Technical Core Competencies are an absolutely critical element in a solid, interview winning IT or Engineering resume. But - as with all elements of a strong resume - it's important to have a clear, definite strategy in the approach you choose to highlight these technical strengths.

It is critical to ensure that you demonstrate the necessary technical depth. But it's equally important to present technical skills in a way that doesn't overwhelm the reader.

Here are 3 approaches to demonstrate your technology expertise and position yourself for new hands-on opportunities in development, network engineering, or other engineering disciplines.

1) Highlight You Technical Core Competencies Front and Center:

Frequently, for clients seeking hands-on roles, I recommend including a list of technologies immediately after the professional profile on page 1 of your resume.

In hands-on technical roles, specific skill sets are critical. So you need to make it absolutely clear to the hiring authority that you've got the chops to handle the job.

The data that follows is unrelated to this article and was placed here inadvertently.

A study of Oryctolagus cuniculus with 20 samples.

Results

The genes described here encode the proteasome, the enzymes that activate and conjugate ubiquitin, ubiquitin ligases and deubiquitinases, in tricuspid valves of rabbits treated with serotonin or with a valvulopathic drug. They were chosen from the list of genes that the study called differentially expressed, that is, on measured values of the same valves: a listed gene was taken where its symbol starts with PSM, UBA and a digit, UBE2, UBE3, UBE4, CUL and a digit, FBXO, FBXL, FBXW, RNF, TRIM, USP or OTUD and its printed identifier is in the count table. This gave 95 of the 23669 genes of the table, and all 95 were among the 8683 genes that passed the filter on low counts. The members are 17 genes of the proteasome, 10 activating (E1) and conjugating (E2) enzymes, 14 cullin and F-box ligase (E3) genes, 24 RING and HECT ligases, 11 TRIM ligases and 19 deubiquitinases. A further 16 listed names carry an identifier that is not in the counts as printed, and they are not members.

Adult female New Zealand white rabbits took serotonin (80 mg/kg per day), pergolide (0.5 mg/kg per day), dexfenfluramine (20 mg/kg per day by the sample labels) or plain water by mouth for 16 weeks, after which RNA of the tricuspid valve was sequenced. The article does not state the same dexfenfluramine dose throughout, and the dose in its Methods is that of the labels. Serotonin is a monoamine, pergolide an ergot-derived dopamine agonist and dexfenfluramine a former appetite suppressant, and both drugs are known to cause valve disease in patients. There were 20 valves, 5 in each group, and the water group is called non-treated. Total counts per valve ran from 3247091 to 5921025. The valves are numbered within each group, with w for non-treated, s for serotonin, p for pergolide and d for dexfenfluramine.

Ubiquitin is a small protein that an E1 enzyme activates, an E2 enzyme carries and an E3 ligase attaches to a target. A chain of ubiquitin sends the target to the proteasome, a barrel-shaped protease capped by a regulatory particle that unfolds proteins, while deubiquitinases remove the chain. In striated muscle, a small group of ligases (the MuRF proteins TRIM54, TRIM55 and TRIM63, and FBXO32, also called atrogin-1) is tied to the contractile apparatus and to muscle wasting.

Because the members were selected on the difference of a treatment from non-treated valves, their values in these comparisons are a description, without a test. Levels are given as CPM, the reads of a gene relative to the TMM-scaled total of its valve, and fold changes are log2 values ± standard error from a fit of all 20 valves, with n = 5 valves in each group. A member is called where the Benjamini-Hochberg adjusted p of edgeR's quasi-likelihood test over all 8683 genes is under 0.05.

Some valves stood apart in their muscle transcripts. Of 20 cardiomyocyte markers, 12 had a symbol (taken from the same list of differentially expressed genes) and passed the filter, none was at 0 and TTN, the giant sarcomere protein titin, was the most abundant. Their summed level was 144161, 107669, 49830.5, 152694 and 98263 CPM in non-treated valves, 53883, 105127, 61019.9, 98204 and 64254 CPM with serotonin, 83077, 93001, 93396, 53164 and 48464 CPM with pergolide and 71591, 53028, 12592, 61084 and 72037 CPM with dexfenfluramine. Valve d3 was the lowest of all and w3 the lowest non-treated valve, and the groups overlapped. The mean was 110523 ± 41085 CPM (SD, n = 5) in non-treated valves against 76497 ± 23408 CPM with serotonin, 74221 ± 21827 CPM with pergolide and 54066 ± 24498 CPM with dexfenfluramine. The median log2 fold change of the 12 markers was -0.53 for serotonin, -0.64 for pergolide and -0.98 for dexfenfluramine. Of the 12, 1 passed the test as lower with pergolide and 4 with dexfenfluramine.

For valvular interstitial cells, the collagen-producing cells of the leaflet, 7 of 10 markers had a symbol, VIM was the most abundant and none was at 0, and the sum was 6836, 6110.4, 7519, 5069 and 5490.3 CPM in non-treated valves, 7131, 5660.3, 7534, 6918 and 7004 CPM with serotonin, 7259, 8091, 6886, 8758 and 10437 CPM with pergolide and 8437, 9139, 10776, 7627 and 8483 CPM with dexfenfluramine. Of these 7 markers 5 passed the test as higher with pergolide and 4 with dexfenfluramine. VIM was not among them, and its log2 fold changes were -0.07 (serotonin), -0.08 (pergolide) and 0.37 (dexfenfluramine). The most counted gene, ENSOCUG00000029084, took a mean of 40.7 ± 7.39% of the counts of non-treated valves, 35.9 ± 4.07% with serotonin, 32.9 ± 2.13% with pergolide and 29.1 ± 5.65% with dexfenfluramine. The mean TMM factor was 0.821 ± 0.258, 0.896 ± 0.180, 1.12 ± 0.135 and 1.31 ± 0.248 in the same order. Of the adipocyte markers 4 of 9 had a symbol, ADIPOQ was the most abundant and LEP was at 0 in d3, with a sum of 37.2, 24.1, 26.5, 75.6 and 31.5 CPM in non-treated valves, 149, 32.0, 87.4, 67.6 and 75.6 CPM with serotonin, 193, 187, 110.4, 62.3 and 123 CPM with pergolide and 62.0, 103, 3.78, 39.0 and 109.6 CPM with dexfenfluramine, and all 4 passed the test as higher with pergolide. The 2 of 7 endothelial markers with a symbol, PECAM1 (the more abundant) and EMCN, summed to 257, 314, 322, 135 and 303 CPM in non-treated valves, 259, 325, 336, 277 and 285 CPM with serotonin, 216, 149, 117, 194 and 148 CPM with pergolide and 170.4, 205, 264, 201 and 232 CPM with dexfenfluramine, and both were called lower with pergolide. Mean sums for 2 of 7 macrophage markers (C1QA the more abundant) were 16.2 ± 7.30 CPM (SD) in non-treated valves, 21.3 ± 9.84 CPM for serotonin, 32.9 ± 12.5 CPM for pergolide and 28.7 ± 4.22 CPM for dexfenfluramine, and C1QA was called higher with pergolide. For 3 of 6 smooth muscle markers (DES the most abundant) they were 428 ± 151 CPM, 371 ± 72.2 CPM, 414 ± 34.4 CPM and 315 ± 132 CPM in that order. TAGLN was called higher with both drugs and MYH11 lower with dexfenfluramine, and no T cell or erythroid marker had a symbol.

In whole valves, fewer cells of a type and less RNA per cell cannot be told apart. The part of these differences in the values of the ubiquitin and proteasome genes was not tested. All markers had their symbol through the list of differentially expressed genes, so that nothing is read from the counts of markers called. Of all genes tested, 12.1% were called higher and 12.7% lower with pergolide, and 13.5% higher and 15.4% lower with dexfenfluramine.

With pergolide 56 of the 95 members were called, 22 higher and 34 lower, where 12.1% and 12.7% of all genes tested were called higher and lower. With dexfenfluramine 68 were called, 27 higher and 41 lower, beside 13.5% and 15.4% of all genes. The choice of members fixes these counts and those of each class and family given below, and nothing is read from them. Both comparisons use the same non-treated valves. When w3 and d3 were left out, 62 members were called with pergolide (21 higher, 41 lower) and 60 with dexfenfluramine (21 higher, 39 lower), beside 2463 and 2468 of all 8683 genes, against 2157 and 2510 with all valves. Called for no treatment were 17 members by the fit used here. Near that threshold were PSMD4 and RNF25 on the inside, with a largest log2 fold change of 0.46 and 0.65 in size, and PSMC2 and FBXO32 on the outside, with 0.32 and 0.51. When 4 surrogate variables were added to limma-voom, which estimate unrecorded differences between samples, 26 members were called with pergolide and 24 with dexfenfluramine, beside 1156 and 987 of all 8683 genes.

A couple of cautions, though. Be sure to format the section clearly by using subheadings like Languages, Tools, and Platforms for example. Start with the most crucial - if the job is for a Java developer, be sure to lead with Programming Languages.

Also, be careful to keep the list a manageable length - don't distract from hard accomplishments in your most recent positions.

2) Incorporate Technology within Your Accomplishments:

If technology plays a critical role in your accomplishments - or if you used an innovative approach to solve a specific business or technical issue, you might want to consider including the technology directly in the accomplishment bullet.

For example, "Leveraged Java to deliver innovative solution that grew revenue by 20%," includes technical competency and the business value of the achievement. That's a strong combination!

3) Include Tools Used as a Separate Bullet Point:

Another option is to include the tools used as a bullet point after job descriptions. This approach is particularly effective if you've used variations on core technologies in different jobs, and can demonstrate both technical depth and breadth.

But do avoid repetition. If you've used the same technologies consistently, better placed at the beginning or end of the resume.

As a final thought, these strategies aren't mutually exclusive. You can certainly take a "mix and match" approach to highlight your key strengths. But, as always, remember that the core of a resume is accomplishments. Be certain that everything you write shows not only your skills - but also what you can deliver.

In my next couple of blogs, I'll address best practices for including technology in a senior or executive technology resume, and approaches to address legacy technologies.

Please email a copy of your existing resume to for an initial resume review!